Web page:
Nursing & Healthcare News

The Pfizer COVID-19 Treatment Pill

FDA authorizes emergency use of oral antiviral therapeutic

Paxlovid bottle lays on a blue counter and pills are scattered around.

You’ve probably already heard about Paxlovid, the oral antiviral drug that recently received FDA authorization for emergency use in treating COVID-19. Here’s what nurses should know about this new treatment.

Basic Paxlovid Facts

While it’s made by Pfizer, which also manufactures one of the current COVID-19 vaccines, Paxlovid is an oral antiviral medication, NOT a vaccine. (It’s also not a substitute for being vaccinated.) Here are some more basics:

  • It’s not FDA-approved. Paxlovid is currently available on a limited basis under an Emergency Use Auth-orization (EUA) from the FDA.
  • It actually contains two drugs. Each dose of Paxlovid includes one to two tablets of nirmatrelvir, which reduces the coronavirus’s ability to replicate, plus one tablet of ritonavir, which makes the nirmatrelvir more effective by slowing the drug’s breakdown in the patient’s body.
  • It’s only for patients already diagnosed with mild-to-moderate COVID-19. The EUA doesn’t cover preventive or prophylactic use for patients who have not actually been diagnosed.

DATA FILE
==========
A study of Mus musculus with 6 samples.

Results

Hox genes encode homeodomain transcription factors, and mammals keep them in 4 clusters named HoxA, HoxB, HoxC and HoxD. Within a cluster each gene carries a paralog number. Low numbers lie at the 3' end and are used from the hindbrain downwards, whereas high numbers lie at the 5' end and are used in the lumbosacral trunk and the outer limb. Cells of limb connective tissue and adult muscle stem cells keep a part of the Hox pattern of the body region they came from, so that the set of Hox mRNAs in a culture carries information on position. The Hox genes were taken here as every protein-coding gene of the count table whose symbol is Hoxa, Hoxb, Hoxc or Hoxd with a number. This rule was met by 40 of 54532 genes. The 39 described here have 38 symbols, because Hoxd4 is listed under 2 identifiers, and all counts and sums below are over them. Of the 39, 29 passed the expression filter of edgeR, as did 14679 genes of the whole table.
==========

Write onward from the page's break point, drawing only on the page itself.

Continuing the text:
• It’s not a cure. However, in clinical trials, a five-day course of Paxlovid reduced hospitalizations or deaths related to COVID-19 by 88 percent compared to placebo.
  • Its effectiveness against Omicron is still uncertain. The FDA wants Pfizer to submit a report on the antiviral effectiveness of nirmatrelvir against the Omicron variant by the end of February.

Not for Everyone

Paxlovid is only authorized for high-risk patients. Currently, it can only be prescribed for patients “who are at high risk for progression to severe COVID-19, including hospitalization or death,” but who don’t currently have a severe case. Also:

  • It isn’t recommended for patients with severe kidney or liver problems. Patients with moderate renal or liver impairment might need a modified dosage.
  • Drug interactions are a significant risk. The Paxlovid fact sheet for healthcare providers includes a lengthy list of contraindications, ranging from hormonal birth control to St. John’s Wort, so it’s important to ask patients about ALL medications and supplements they may be using.
  • It has known side effects, including diarrhea, high blood pressure, impaired sense of taste and muscle aches. Because Paxlovid is still an “investigational” medication, it may also have other side effects that haven’t yet been identified.

Despite these limitations, Patrizia Cavazzoni, M.D., director of the FDA’s Center for Drug Evaluation and Research, calls Paxlovid “a major step forward” in the fight against COVID-19.